Log in ....Tribune

Monday, August 11, 2003

Be smart with your hard disk
Hitesh Bergal

RELIABILITY is a quality we seek in our daily lives. Disk drive manufacturers also aim at improving the reliability of their products with the sole purpose of achieving customer satisfaction. They take giant steps towards predicting reliability in disk drives, a step marked by the emergence of Self monitoring, Analysis and Reporting Technology (SMART). Computer users today have high expectations about data storage reliability. Many users do not even consider the possibility of losing data due to a hard disk failure. Even though continuous improvements in technology makes data loss uncommon, it is not impossible. Reliability prediction technology is a way to anticipate the failure of a disk drive with sufficient notice to allow a system, or user to back-up data prior to a driveís failure.

SMART is reliability prediction technology for both ATA/IDE and SCSI environments. Pioneered by Compaq, SMART is under continuous development by the top five disk drives manufacturers in the world ó Seagate Technology Inc., IBM, Conner Peripherals Inc. Western Digital Corporation and Quantum Corporation.


In order to understand how SMART evolved, it is necessary to look at SMARTís roots that are based in technology developed by Compaq. IBMís reliability prediction technology is called Predictive Failure Analysis (PFA). PFA measures several attributes, including head flying height, to predict failures. The disk drive upon sensing degradation of an attribute, such as flying height, sends a notice to the host that a failure may occur. Upon receiving a notice, users can take steps to protect their data. Sometime ago, Compaq announced a breakthrough in diagnostic design called Intellisafe. This technology, developed in conjunction with Seagate, Quantum and Conner, monitors a range of attributes and sends threshold information to host software. The disk drive then decides if an alert is warranted and sends that message to the system, along with the attribute and threshold information. The attribute and threshold level implementation of Intellisafe varies with each disk drive vendor, but the interface, and the way in which status is sent to host, are consistent across all vendors. Compaq placed Intellisafe in the public domain by presenting their specification for the ATA/IDE environment, SFF-8035, to the small form factor committee in 1995. Features of SMART technology include a series of attributes, or diagnostics, chosen specifically for each individual drive model. Attributes individualism is important because architectures vary from model to model. Attributes and thresholds that detect failure for one model may not be functional for another model.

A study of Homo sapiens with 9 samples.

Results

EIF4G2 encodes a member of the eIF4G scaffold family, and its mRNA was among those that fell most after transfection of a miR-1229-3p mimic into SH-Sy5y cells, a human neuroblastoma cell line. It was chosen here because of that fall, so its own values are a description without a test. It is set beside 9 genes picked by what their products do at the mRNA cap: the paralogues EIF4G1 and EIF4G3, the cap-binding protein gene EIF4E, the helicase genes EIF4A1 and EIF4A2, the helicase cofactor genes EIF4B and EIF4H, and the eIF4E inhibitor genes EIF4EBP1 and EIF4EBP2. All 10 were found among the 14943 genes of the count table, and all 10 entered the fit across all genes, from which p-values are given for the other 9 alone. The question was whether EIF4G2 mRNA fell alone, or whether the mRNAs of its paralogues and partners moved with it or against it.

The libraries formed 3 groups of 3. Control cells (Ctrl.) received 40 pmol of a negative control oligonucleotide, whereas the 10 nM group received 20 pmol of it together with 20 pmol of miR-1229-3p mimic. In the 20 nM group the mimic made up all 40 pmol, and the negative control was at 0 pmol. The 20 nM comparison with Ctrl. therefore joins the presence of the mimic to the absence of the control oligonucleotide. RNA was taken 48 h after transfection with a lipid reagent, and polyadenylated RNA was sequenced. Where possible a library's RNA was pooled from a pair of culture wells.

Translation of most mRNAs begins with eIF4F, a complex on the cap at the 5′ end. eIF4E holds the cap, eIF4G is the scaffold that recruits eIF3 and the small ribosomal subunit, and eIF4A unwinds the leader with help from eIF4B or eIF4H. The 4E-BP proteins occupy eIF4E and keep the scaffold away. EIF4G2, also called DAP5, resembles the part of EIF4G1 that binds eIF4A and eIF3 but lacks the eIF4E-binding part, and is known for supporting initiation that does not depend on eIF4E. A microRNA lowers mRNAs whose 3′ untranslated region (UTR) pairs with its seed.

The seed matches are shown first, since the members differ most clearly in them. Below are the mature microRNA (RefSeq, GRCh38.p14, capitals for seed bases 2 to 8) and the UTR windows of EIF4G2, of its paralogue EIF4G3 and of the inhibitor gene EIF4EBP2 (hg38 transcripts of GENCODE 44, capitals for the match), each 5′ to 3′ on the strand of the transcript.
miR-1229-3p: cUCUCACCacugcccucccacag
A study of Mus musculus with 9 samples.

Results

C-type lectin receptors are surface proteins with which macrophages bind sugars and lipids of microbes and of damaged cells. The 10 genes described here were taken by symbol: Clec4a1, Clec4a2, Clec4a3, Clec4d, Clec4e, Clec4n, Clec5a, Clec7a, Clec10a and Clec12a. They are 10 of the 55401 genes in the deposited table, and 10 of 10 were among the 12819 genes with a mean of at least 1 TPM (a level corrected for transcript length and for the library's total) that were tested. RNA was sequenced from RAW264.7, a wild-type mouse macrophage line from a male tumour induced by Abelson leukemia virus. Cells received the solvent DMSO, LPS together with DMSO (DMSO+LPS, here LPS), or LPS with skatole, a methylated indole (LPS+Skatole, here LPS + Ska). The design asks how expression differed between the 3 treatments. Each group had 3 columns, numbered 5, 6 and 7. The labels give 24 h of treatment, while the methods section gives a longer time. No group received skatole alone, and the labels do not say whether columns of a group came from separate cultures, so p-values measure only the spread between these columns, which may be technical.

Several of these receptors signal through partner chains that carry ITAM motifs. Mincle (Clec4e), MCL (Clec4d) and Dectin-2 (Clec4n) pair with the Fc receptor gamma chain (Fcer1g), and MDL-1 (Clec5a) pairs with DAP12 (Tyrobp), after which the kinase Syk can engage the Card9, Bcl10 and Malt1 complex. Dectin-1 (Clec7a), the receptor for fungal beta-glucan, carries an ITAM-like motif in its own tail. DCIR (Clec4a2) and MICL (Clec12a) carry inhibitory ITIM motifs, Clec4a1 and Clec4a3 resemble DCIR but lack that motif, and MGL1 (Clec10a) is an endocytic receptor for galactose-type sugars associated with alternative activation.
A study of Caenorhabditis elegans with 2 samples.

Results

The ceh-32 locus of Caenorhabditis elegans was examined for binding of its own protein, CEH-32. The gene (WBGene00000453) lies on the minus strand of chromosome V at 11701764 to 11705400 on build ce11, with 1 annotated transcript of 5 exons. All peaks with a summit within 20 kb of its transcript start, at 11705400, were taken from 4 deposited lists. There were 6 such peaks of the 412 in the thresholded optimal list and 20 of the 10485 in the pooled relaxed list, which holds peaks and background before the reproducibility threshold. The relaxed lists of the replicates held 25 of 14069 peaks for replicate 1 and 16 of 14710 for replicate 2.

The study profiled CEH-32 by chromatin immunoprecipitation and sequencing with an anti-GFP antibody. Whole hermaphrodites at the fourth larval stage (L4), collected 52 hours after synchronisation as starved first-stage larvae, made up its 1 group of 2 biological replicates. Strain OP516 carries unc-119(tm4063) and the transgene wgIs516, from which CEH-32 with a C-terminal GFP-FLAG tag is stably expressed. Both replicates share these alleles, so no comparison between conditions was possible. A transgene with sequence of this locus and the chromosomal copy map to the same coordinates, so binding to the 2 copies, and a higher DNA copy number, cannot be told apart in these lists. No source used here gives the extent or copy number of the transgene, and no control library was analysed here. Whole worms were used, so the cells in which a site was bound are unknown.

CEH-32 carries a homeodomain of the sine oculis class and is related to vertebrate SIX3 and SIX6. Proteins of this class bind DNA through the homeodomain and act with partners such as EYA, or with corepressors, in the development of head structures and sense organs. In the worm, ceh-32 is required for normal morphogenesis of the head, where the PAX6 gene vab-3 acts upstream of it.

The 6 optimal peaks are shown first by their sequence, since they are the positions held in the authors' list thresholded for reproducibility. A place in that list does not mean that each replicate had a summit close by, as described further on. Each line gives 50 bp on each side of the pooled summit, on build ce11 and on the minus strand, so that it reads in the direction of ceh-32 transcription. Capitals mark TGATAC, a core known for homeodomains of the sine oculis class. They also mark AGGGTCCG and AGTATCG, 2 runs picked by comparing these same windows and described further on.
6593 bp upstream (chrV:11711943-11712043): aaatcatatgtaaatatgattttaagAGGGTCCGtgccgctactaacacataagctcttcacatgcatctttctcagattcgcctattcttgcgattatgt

SMART emerged for the ATA/IDE environment when SFF-8035 was placed public domain. The SMART system technology of attributes and thresholds is similar in ATA/IDE and SCSI environments, but the reporting of information differs. In ATA/IDE environment, software on the host interprets the alarm signal from the drive generated by the report status command of SMART. The host polls the drive on a regular basis to check the status of this command and if it signals imminent failure, sends an alarm to the end user or system administrator. This allows downtime to be scheduled by the system administrator to allow for the backup of data and replacement of the drive. This structure also allows for future enhancements, which might allow reporting of information other than drive conditions, such as thermal alarms, CD/DVD ROM, tape or other I/O reporting.


In order to set the SMART status for your hard disk drive, enter the CMOS setup of your computer. Then open the advanced CMOS setup and enable the option SMART for hard disks, press Escape and then F10 key for quitting the setup by saving the changes.